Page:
Trieste - The port of Trieste has one of the largest fruit terminals in Italy, it has a flourishing RO-RO ferry business, especially to and from Turkey, and it is the Italian port with the largest share of international traffic. These characteristics make it one of the most important ports in Italy in terms of handling fruit and vegetable products. Recently, the fruit terminal changed concession holders and it is now operated by the Samer Group. But in this sector the port has two other tricks up its sleeve for 2017: the free port and the positive image of “Made in Italy” food products. The president of the Port System Authority of the Eastern Adriatic Sea (which Trieste is part of), Zeno D’Agostino, went on to explain.
“The fruit terminal’s transfer to the new concession holder is a positive thing. The Samer Group has greater commercial capabilities, the [Turkish] UN-RO-RO Group owns a stake in Samer, it goes beyond our national borders and beyond the borders of the European Union,” D’Agostino explained.
In December 2016, the Ministry of Transport began procedures for the implementing decree for Trieste’s free port. How important is this proposal for you?
“The Made in Italy brand is one of the most important in the food sector. In the last year, we had a series of contacts to bring industrial initiatives here that are also linked to the existence of the free port. This tool offers two basic advantages. The first is the issue of customs. The second, for foreign operators, is the possibility of establishing a presence in Italy and the improvement that could bring to their image.”
Therefore is it an operation that is not only aimed at logistical activities in the port?
“The investments in the free port also concern industrial activities and not only logistics. We have had contacts since early 2016. The companies that are interested are mainly in the food sector. It was a surprise to me, I thought that the free port would have attracted other kinds of businesses. We learned that a free port linked to the European Union has not only disadvantages, but also advantages. The cost of labour is lower on other continents, but coming to Trieste means acquiring a brand, which comes from being located in Italy, and that really means something. This is the message that we want to send.”
What future initiatives do you predict for perishable products?
“There is a need for more temperature-controlled spaces. We don’t want them inside the port, where there is an intense rotation of goods and where for this reason both last year and this year we have razed and will continue to raze old warehouses. To secure spaces for storage, we have started up synergies with the Fernetti and Cervignano freight villages.”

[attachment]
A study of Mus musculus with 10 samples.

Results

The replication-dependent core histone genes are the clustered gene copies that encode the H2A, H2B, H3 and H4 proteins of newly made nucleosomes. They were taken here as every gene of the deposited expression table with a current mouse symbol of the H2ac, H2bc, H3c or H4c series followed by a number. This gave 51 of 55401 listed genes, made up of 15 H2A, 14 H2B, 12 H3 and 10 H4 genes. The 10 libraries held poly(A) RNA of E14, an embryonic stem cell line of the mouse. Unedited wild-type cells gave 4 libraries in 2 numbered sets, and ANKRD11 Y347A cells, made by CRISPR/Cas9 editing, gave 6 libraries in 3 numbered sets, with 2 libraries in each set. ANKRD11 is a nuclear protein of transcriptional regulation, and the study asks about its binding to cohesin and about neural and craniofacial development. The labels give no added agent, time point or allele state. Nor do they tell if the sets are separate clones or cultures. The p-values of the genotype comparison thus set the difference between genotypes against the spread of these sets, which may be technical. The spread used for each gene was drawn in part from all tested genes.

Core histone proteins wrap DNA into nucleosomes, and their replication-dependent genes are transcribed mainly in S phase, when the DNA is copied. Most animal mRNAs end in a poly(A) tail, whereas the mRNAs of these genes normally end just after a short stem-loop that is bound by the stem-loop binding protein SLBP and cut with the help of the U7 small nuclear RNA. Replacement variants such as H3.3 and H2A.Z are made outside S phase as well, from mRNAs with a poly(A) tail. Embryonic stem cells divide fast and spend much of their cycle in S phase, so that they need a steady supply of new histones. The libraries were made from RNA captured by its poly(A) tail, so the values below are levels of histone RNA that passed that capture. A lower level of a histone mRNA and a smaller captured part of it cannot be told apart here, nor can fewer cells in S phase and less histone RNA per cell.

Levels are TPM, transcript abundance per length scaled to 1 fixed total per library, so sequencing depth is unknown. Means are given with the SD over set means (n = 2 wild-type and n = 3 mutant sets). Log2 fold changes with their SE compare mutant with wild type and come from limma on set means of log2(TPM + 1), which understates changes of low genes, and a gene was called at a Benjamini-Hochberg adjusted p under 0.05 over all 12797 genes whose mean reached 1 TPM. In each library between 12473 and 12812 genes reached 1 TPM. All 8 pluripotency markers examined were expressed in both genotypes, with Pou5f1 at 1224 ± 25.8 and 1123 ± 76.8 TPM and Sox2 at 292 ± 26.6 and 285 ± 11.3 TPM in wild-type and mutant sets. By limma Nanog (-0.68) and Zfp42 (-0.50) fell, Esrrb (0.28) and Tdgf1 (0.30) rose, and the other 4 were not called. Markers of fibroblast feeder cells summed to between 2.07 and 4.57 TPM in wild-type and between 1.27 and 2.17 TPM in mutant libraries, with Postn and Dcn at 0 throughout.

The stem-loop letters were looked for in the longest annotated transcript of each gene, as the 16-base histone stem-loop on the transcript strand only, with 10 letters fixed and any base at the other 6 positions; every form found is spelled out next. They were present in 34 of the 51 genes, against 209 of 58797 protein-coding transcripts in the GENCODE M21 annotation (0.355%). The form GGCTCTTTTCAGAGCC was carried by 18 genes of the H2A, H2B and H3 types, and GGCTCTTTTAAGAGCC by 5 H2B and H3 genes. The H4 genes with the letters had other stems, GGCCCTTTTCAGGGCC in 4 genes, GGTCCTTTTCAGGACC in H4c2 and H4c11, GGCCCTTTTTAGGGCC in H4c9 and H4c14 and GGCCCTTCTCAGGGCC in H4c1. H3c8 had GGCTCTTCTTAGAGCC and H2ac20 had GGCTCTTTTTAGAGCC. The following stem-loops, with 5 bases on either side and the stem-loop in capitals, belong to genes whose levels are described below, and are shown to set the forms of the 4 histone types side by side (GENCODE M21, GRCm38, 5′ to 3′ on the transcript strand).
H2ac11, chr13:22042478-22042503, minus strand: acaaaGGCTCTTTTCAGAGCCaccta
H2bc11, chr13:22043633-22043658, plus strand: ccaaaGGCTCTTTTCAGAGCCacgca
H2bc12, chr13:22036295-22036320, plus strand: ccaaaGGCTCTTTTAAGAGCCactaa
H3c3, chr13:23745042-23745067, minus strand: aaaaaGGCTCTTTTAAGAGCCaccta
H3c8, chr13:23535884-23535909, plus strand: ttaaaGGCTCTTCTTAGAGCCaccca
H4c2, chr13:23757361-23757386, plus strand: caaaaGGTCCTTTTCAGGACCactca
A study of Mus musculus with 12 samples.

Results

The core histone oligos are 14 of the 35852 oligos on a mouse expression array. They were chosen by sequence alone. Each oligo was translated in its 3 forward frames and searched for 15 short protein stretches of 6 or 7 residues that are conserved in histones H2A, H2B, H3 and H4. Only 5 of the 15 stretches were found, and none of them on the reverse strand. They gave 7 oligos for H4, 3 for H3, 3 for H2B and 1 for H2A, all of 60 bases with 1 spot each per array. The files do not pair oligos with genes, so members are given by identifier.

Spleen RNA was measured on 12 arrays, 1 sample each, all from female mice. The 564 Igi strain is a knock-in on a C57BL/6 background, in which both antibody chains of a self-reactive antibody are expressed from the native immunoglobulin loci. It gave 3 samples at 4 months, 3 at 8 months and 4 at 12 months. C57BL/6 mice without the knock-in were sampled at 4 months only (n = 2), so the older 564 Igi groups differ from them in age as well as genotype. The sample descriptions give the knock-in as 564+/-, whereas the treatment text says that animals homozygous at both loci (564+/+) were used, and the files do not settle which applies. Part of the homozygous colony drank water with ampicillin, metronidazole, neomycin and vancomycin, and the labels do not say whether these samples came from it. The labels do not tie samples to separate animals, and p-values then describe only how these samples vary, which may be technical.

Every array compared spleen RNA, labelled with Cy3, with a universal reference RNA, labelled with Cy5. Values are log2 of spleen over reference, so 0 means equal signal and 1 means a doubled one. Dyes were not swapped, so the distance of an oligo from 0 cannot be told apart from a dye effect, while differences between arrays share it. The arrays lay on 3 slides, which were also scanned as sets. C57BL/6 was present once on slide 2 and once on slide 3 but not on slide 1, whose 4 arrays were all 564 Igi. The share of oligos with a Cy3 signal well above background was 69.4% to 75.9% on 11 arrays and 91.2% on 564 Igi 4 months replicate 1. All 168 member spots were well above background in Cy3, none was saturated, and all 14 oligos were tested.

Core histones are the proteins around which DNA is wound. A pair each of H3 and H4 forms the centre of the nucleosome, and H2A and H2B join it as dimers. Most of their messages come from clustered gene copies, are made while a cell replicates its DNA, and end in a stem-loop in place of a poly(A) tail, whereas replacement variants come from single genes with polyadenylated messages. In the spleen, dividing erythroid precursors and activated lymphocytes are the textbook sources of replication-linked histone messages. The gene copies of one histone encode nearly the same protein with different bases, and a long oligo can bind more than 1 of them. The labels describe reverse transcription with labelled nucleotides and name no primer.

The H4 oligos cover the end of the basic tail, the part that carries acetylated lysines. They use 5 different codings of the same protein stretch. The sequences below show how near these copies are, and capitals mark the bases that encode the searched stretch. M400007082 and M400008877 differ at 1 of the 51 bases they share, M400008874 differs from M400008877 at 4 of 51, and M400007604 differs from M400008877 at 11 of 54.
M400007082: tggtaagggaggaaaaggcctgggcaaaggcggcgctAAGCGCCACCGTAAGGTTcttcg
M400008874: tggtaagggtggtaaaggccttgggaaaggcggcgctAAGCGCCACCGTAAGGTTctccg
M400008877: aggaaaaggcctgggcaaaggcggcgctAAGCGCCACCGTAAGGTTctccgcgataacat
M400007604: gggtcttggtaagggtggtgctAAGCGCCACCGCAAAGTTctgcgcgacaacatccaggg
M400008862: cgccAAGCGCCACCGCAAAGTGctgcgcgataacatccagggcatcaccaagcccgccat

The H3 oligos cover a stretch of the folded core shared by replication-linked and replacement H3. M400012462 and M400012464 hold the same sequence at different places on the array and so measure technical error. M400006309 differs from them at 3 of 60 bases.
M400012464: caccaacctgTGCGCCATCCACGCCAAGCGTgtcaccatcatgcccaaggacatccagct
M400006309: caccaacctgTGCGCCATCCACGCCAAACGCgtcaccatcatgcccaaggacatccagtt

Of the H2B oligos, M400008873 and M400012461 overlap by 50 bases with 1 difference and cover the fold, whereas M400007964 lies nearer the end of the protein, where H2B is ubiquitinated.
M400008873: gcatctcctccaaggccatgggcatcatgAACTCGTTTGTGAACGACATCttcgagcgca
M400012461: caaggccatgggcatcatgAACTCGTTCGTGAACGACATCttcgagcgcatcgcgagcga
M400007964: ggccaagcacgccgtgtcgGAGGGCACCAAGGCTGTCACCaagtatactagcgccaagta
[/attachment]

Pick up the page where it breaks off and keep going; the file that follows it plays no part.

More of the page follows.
Are you also interested in the industrial zone (EZIT) area, whose operating company was in danger of being liquidated?
“Yes, we will become a point of reference for EZIT, which was being liquidated. The regional law gives us the majority in EZIT. We shall see how the spaces are to be used. It is a matter of 100,000sqm of brown field, on which there are pre-existing facilities, and one million square metres of green field, land that has so far remained unused. Determining the use of this land is one of our goals for 2017. The land is not concentrated in one place, but rather distributed across several areas. Some of it is contiguous to the publicly owned port area and in any case almost all of it is adjacent to the docks. There are already significant companies present on the EZIT land, like the coffee company Illy, for example. These are precious areas, and as I said, in this case, as well, the perishables sector is one of those that has indicated the most interest.”
What catchment area is the port of Trieste aimed at?
“We are at the centre of a rich intermodal network that allows us to reach an area from Luxembourg to Budapest, including countries like Germany, Austria, the Czech Republic, Slovakia, Hungary and Italy, too. These are important routes for fruit and vegetable products. Road haulage is important in this sector, but there is some competition. We are betting on rail transportation.”
Does the port reform and the creation of the Port System Authority offer any other opportunities?
“For the moment, Trieste is probably the only port the remains as it was before. We have not yet integrated with Monfalcone, although we will soon. Monfalcone is another area which we will think about in terms of available land, but not for fruit and vegetables as much as for goods like paper pulp, automobiles, and iron and steel.”